Scottish Design Awards 2003: Commendation
Roses Design Awards 2003: Award
Saltire Housing Design Awards 2003: Award
Completed in July 2002, this innovative development at Earl Rise, Dundonald, has received a string of awards.
The 32-house development represents the affordable rental component of a 20-acre extension to the village of Dundonald. The design is by Wren Rutherford A-S:L.
The basic requirement was to provide a range of houses designed with “lifetime” use in mind. All were to be capable of occupancy by a disabled person with the minimum of adaptation.
Considerable weight was given to environmental responsibility in terms of choice of materials and minimising energy use. The primary “sustainability” goal was, however, to achieve a design of demonstrable long-term worth. The demand was for a high quality design, which could respond to changing needs and lifestyles. The houses would accommodate people with limited housing options and who were therefore likely to be long-term residents. The expectation was that they could be offered a house which was not only flexible in use but also “special”. To underline the demands of the brief explicit performance targets were set covering a range of functional and environmental issues.
The site is on the crest of the hill in a very exposed position. The solution to this was to design the built form to give the least resistance to the wind and to protect the central public space. This has been achieved by using 1½-storey mono-pitched houses with the single storey facing out giving low resistance and the high side of the houses giving protection to the street. The wind is therefore deflected over the site.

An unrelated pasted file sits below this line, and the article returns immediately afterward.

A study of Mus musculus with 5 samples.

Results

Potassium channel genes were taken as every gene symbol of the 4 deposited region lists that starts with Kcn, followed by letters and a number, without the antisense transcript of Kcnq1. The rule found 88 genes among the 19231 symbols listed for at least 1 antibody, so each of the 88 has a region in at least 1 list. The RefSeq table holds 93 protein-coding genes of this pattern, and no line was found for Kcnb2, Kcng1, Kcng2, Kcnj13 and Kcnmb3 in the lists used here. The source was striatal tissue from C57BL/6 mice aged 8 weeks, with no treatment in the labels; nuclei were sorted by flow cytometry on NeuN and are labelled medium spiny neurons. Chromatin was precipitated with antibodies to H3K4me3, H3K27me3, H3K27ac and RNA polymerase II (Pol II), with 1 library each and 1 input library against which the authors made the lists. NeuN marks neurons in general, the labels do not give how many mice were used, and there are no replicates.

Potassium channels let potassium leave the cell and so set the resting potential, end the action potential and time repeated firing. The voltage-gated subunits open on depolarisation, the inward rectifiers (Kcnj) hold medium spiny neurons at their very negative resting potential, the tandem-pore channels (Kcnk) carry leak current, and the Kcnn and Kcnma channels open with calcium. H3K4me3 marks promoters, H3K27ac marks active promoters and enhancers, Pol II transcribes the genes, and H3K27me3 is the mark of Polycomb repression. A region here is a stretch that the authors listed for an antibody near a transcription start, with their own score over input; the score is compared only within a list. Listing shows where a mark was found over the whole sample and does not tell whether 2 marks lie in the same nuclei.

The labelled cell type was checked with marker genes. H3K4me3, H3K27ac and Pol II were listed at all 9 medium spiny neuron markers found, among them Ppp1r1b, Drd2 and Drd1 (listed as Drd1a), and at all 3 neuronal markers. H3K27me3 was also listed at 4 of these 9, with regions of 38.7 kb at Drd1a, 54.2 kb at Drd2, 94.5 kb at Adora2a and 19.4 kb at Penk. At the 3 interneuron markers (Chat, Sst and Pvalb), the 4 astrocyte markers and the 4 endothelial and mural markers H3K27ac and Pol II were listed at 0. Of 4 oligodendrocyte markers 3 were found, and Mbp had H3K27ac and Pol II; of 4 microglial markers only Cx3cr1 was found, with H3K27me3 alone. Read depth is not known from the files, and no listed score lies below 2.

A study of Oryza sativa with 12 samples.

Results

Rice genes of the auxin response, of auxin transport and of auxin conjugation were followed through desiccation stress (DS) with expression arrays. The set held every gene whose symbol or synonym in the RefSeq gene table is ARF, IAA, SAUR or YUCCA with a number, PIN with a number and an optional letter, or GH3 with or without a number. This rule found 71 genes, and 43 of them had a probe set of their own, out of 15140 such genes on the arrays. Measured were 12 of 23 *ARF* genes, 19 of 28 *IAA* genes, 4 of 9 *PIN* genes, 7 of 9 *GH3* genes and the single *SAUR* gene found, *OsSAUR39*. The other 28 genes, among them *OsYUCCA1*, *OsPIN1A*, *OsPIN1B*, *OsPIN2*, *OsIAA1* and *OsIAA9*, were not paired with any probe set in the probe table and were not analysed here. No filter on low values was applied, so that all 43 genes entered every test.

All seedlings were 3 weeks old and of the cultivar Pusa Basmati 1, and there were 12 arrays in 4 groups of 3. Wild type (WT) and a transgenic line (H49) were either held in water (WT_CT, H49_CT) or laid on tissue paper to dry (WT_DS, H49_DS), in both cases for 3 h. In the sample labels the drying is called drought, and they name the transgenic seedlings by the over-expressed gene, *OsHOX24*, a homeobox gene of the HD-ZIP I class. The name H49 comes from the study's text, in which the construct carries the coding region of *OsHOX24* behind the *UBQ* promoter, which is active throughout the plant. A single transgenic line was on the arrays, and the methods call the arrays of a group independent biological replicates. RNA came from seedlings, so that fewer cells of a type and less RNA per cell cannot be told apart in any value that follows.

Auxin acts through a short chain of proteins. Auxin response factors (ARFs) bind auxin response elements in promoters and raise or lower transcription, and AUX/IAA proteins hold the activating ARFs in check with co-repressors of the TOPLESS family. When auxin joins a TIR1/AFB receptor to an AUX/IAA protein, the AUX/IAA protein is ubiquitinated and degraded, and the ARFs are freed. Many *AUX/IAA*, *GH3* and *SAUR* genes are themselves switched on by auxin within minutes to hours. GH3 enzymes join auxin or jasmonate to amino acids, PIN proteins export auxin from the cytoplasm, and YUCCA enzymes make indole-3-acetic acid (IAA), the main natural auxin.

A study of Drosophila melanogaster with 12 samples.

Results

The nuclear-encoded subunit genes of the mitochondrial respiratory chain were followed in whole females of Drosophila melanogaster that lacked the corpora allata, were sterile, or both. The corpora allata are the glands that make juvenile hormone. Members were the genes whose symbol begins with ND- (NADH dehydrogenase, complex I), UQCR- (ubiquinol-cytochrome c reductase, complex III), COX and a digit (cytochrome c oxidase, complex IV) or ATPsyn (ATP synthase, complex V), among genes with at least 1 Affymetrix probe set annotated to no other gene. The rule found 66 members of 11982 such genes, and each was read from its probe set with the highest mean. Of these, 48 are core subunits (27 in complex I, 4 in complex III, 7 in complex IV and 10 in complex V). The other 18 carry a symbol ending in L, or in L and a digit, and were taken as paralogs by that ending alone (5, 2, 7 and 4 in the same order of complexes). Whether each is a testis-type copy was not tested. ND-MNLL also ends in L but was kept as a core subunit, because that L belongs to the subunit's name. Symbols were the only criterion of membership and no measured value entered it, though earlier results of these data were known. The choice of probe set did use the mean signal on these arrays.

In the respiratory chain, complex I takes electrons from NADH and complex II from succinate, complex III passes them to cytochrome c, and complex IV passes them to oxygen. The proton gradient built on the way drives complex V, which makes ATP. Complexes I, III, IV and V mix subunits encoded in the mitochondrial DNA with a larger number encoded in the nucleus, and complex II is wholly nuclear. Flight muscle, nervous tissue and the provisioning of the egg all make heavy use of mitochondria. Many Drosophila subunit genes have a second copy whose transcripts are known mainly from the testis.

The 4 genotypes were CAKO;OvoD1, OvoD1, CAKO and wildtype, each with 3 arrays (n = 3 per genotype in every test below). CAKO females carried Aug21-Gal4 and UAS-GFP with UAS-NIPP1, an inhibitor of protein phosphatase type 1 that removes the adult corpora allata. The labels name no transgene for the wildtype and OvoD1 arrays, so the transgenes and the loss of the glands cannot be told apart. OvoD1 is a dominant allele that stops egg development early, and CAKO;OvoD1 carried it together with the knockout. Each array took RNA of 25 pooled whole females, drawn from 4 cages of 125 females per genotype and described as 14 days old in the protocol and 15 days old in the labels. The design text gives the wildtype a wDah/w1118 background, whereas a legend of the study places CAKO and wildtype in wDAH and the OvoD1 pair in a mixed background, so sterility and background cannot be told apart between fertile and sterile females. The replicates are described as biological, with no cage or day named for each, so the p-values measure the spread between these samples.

The houses have been designed to beyond housing for varying needs standards within Bulletin 1 house shell areas. All houses have been provided with a ground floor bedroom with en-suite shower room or wc to cater for disability if required. The living spaces are positioned on the private side of the dwelling with generous glazed areas facing the private gardens. The living spaces have large internal volumes with ceilings following the roofline and with the first floor bedrooms accessed from balconies overlooking the living space. This gives an illusion of space in houses built to housing association space restrictions.
Ayrshire Housing always seeks feedback from its tenants on what they like and dislike about their homes. This is done once tenants have had several months to settle in. At Dundonald, the reactions have been overwhelmingly favourable. In addition, most local residents appear to see the modern design as a positive addition to their conservation village.